Short-distance nocturnal migration in an island endemic bustard. Abril-Colón, I., Alonso, J.C., Palacín, C., Álvarez-Martínez, J.M. & Ucero, A. 2022 Ibis. doi: 10.1111/ibi.13061 VIEW

Most migratory species are partial migrants, and typically fly long distances in response to large scale seasonal climate variation. However, some fly only short distances and, although the causes and details of these partial, short-distance migrations have scarcely been investigated, they may be fixed in populations as a result of evolutionarily adaptive responses to local habitat conditions. The movements of Houbara Bustards (Chlamydotis undulata) have been studied only in the North African subspecies C. u. undulata, but nothing is known about migratory movements of the Canarian subspecies C. u. fuertaventurae, which was thought to be sedentary.

Technological advances in wildlife tracking methods have enabled unprecedented accuracy in the study of animal behavior and movements. Using the latest generation of GSM/GPRS data loggers together with accelerometers, we were able to collect the first evidence of nocturnal and partial migration of Canarian Houbara Bustards, specifically in the island of Lanzarote, the main stronghold of this subspecies. This subspecies is classified as globally Vulnerable. It is restricted to the three easternmost islands of the archipelago: Lanzarote, Fuerteventura and La Graciosa. The study was carried out under a contract between Red Eléctrica de España and Consejo Superior de Investigaciones Científicas awarded to Prof. Juan C. Alonso.

More than one third of 41 tagged individuals moved from their breeding to non-breeding areas, where they spent the hottest months of the year. These results show that the partial migration patterns described for the nominate subspecies and for the MacQueen’s Bustard (C. macqueenii) have remained in the Canarian Houbaras despite of their much smaller geographic distribution. Most flights occurred at night, confirming the existence of nocturnal activity beyond sexual activity (Alonso et al. 2021).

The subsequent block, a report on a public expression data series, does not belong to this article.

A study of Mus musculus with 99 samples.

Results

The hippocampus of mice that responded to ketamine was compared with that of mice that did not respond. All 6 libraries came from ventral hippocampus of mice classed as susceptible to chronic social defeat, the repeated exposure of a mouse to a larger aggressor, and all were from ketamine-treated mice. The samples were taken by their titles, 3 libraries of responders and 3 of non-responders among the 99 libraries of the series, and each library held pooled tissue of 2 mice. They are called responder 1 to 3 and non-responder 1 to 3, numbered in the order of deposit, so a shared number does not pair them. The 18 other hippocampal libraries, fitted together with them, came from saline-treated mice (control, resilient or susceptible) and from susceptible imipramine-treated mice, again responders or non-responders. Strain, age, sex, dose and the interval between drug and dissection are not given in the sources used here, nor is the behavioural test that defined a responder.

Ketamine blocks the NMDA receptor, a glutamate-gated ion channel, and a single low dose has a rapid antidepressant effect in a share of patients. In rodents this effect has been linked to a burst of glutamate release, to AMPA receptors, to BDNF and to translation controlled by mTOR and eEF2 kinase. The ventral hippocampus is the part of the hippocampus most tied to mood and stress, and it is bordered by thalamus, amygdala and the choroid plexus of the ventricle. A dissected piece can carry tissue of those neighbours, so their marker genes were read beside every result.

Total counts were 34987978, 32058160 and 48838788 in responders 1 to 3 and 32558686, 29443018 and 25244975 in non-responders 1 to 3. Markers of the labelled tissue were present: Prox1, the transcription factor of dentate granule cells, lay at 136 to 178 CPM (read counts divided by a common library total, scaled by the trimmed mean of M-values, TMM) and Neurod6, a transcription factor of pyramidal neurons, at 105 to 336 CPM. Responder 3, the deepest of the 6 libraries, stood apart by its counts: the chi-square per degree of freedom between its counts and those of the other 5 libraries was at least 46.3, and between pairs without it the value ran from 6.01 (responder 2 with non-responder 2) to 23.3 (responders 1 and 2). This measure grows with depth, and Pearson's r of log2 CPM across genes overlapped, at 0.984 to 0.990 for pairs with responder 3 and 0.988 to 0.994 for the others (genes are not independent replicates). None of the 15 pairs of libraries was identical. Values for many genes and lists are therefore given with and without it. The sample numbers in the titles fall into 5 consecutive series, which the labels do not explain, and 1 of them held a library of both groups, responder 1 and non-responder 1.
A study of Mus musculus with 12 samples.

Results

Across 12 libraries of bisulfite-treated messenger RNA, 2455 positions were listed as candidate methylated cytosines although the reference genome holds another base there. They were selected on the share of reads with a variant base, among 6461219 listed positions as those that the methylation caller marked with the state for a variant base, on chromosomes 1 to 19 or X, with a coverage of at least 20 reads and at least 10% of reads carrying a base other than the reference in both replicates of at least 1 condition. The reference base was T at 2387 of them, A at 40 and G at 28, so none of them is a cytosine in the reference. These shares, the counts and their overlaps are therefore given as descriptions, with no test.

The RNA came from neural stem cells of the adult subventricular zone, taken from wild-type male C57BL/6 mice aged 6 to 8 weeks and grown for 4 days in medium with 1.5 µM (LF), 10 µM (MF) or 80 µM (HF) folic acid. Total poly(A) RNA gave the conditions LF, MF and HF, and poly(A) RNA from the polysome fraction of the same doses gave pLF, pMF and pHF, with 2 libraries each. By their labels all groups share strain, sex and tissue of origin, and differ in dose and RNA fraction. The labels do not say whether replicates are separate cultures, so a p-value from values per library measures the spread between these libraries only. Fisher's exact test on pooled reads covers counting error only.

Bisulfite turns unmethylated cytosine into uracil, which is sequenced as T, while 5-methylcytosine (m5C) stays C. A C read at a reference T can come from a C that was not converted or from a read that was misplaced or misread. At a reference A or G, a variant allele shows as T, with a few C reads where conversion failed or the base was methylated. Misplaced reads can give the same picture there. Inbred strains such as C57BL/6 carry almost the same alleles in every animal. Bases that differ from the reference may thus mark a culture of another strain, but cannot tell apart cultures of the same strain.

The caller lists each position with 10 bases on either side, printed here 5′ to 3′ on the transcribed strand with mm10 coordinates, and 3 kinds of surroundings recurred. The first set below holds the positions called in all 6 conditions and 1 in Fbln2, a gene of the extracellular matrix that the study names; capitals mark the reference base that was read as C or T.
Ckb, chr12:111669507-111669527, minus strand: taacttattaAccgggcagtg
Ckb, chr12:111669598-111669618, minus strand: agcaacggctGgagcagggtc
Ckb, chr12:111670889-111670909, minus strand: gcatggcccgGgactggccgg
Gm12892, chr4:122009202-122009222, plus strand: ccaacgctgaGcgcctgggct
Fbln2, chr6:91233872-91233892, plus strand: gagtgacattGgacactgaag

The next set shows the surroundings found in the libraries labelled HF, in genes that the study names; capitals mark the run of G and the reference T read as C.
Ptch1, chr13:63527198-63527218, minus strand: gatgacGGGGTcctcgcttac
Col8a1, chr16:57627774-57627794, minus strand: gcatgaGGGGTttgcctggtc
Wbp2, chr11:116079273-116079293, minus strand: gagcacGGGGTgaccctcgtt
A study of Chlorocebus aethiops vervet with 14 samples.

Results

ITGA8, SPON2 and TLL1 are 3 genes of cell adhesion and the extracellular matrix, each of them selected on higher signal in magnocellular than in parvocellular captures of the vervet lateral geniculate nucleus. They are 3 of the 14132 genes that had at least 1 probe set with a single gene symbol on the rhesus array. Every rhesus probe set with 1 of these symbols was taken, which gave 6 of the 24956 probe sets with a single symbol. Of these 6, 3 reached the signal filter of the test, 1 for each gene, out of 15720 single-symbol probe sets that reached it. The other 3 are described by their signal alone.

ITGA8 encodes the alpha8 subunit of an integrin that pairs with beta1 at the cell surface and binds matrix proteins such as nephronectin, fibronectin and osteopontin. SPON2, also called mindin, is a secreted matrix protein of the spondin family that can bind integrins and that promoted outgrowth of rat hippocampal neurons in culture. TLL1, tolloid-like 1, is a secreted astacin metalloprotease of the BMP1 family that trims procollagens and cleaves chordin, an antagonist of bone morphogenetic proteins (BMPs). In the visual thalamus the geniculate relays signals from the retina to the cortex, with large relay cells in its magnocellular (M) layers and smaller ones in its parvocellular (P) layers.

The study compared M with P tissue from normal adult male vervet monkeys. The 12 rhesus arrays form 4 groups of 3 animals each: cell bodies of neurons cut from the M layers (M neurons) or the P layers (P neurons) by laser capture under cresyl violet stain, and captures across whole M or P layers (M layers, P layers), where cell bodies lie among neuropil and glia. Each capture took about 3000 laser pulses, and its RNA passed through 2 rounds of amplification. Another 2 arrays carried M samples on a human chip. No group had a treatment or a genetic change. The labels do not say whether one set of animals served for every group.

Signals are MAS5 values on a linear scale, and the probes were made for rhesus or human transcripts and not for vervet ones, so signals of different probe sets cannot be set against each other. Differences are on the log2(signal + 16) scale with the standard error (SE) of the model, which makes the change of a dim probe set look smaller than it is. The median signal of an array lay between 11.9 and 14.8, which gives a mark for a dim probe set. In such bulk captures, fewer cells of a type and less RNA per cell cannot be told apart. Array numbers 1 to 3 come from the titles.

Figure 1 A Canarian Houbara Bustard (Chlamydotis undulata fuertaventurae) flying over Lanzarote island © Inmaculada Abril-Colón.

Furthermore, the existence of protandry was confirmed, with migratory males returning to their breeding territories earlier than females. By arriving earlier, birds can start defending their territories earlier (rank advantage hypothesis), and have more opportunities to mate earlier in the season (mate opportunity hypothesis). Advantages of protandry for females include avoiding waiting for males to become established (waiting cost hypothesis) and being able to choose among a larger sample of males (mate choice hypothesis).

Using the Soil Adjusted Vegetation Index (SAVI) derived from Sentinel 2 imagery, a multispectral Copernicus satellite with 10 metres of spatial resolution and a revisit time of 5 days, we found that by moving to non-breeding areas migrants obtained a benefit in terms of habitat quality, while sedentary birds did not suffer any disadvantage by remaining within their territories. This suggests that partial migration has probably persisted in this populations due to the differences in food availability during summer across different areas.

Conservation implications

Figure 2 A deceased Houbara Bustard suspected to be caused by collision with a power line © Alberto Ucero.

Three important conclusions for conservation can be drawn from our study. First, the risk of collision with power and telephone lines is obviously higher during nocturnal flights. Thus, burying lines is the only feasible way to eliminate this mortality.

Figure 3 All non-breeding sites of migrant Houbara Bustards (7 males, 17 females) were outside Special Protection Areas for birds (SPA) in Lanzarote island (grey grids).

Second, we discovered a clear preference for one particular non-breeding area, and the explanation seems to be the mosaic of Launaea arborescens shrubland and irrigated farmland present in that area. This areas has an adequate amount and distribution of fallow fields, irrigated cultivated fields, and non-cultivated shrubland patches. Finally, none of the known non-breeding areas are legally protected. Considering the time Houbara Bustards spend at these areas over their annual cycle, and their importance for the species during summer, some kind of legal protection might help ensure that land-use conditions are maintained in a way that safeguards the species.


Alonso, J.C., Abril-Colón, I. & Palacín, C. 2021. Moonlight triggers nocturnal display in a diurnal bird. Animal Behaviour  171: 87-98. VIEW

Image credit

Top right: Houbara Bustard © Len Worthington CC BY SA 2.0 Wikimedia Commons.

If you want to write about your research in #theBOUblog, then please see here.